It is believed that the construction of the castle dates back to the 12th century, when Afonso Henriques, first King of Portugal, granted the Foral Charter to Marialva in order to promote the settlement and defense of the town.
On the beginning of the 13th century, King Sancho I continued the construction of the castle, extending its walls to surround the town.
King Dinis established the monthly market in 1286. It was at that time that the measures of the “palmo” (span), “côvado” (cubit) and “vara” (pole) were carved at the main entrance of the castle, the “Porta do Anjo da Guarda” (Guardian Angel Door). These measures were used for trading inside the castle. At that time there weren’t standardized measure units, so the same measure unit usually varied from location to location. These carved measures at the castle entrance indicated the measures used in Marialva village.
In the 16th century the castle suffered several restoration campaigns.
It is recorded that on the beginning of the 18th century the castle was in perfect state of conservation.
However this situation changed after 1779, when Marquis of Távora, who was the warden of the castle at that time, was accused of being involved in the attempted murder of King José I of Portugal and, consequently, him and his family were sentenced to death. The population of Marialva began to abandon the town, moving to the lands outside the walls of the castle, which were less cursed by the unfortunate memory of Távoras family.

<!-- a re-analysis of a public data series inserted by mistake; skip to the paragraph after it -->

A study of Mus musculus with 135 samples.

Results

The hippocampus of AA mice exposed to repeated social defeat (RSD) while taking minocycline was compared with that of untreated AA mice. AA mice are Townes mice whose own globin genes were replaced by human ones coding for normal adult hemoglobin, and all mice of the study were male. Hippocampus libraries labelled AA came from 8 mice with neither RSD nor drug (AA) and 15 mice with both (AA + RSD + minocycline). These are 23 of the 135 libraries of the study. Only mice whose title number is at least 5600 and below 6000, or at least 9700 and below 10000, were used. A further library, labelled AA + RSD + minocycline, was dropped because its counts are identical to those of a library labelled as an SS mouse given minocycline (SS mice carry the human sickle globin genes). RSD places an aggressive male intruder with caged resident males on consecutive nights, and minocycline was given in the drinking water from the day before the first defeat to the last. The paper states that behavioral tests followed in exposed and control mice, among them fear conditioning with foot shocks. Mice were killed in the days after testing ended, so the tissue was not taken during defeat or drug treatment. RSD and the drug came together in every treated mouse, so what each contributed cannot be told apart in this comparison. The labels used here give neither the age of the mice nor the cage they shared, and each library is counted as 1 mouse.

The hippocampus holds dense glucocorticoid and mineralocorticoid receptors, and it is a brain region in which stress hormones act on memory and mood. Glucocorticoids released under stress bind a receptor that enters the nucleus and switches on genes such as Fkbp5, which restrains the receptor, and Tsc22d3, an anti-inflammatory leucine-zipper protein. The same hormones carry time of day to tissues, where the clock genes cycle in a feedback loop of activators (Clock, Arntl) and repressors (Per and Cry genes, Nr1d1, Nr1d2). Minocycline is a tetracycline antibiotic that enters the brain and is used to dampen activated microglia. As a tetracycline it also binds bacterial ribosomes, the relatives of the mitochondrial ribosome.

In the 20th century the castle was found in ruins and it suffered an intensive reconstruction.
Nowadays Marialva Castle is one of the main touristic attractions of Mêda Municipality.
Marialva Castle is a Romanesque castle that comprises two walled areas, the citadel and the urban nucleus.
“Porta do Anjo da Guarda” (Guardian Angel ‘s Door) – it’s the main entrance and it’s where the measures of the “palmo” (span), “côvado” (cubit) and “vara” (rod?) are carved.
“Porta do Monte” (Hill’s Door) or “Porta da Forca” (Gallows Door)
“Porta de Santa Maria” (Saint Marie’s Door)
“Postigo” (Postern), also known as “Porta da Traição” (Traitor’s door) – it is a gap on the wall that would be used as an escape route for the castle occupants during a siege.
“Torre do Relógio”(Clock Tower)
“Torre do Monte” (Hill Tower)
“Torre dos Namorados” (Lovers Tower) or “Torre da Relação” (Relationship Tower)
The citadel is the military area, therefore it is located at the highest point of the terrain.
It is composed by the wall, the keep and the cistern, whose walls are covered with mortar.
The citadel’s wall has two openings, the gate, which is the entrance door, and the postern or traitor’s door.
“Casa da Câmara” (town hall)
“Casa dos Magistrados” (Magistrates’ House) – housed the court and the prison.
“Pelourinho” (Pillory) – dated from the 16th century, with Manueline characteristics.
“Capela do Senhor dos Passos” (Chapel of the Lord of Steps) – chapel probably from the 17th century that has a coffered vault.
“Igreja de Santiago” (Santiago Church) – Manueline church from the 16th century.